It’s an exhausted, formless weight in the base of my pelvis. If despair has a place it’s here, slightly rocking me back in my body. When it joins me I am stable enough to keep going but not entirely trusting each step, unsure if my feet will keep me on the ground.
I had a friend at university who used to fall. He wrote a poem about it – the helpless embarrassment as you realise that yet again you have utterly failed to keep your own body upright. That's what despair does to me – it keeps me in a constant state of about-to-fall.
One recommendation is to surrender to the despair. But fuck it, where will that end? How much despair is there? Will I eventually be pinned to the ground by the pelvic weight of it? What if I never get up? Or, worse, what if I just keep falling and never reach the ground?
I’ve just read a totally shit book called Angel Time by Anne Rice. That chick should stick to vampires. It was long, maudlin, rambling and incredibly strange. I gave up just after halfway through, when I realised that it wasn't going to improve.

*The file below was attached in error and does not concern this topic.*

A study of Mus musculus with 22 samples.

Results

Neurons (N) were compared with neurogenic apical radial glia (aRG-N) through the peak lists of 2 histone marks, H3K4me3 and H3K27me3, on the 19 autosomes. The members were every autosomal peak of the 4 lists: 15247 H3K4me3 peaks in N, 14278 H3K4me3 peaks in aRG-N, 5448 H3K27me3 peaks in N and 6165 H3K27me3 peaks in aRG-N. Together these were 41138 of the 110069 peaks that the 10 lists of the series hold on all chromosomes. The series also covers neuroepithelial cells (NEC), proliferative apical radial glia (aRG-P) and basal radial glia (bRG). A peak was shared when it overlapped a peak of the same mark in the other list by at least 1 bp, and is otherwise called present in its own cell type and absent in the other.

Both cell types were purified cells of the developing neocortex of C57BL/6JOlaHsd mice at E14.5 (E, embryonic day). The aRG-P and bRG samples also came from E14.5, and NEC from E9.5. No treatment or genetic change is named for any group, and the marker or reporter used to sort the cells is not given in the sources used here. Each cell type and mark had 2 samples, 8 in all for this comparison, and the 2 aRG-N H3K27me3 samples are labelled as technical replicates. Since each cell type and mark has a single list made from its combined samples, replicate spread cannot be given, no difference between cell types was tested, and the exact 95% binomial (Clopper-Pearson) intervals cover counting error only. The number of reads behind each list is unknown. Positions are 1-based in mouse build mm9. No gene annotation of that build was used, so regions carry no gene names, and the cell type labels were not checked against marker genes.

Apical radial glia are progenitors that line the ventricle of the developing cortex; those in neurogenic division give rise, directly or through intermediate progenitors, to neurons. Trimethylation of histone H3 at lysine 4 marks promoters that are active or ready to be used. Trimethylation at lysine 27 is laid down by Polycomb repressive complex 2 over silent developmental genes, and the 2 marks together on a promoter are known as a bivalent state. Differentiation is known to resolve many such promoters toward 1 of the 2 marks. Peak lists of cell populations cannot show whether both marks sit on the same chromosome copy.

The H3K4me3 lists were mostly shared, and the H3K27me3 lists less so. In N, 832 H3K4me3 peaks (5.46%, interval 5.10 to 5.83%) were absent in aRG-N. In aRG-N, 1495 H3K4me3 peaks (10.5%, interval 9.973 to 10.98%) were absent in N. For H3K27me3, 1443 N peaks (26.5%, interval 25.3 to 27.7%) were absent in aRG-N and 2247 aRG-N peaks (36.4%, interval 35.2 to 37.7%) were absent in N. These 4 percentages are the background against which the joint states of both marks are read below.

But there was one sentence where she described her damned – in the biblical sense – assassin, who is given another chance by his guardian angel (I know… with that plot I really should have known). Anyway, it’s a great description.
"While never admitting it to himself, he took pride in his brand of evil. Despair might be the tune he sang to himself about what he did, but a deep polished vanity lay beneath it.
“Ha!” I thought when I read it. Just, “Ha!”
Is my despair a foil for my vanity? Actually – looking at most of my favourite people who all struggle with their own personal darkness – how many of us have highly polished slabs of vanity keeping us together?
And, just like that, I find myself smiling. Enjoying the cosmic joke of it all. Taken by the very thought of it.
And the despair vanishes, and my pelvis is once again my own.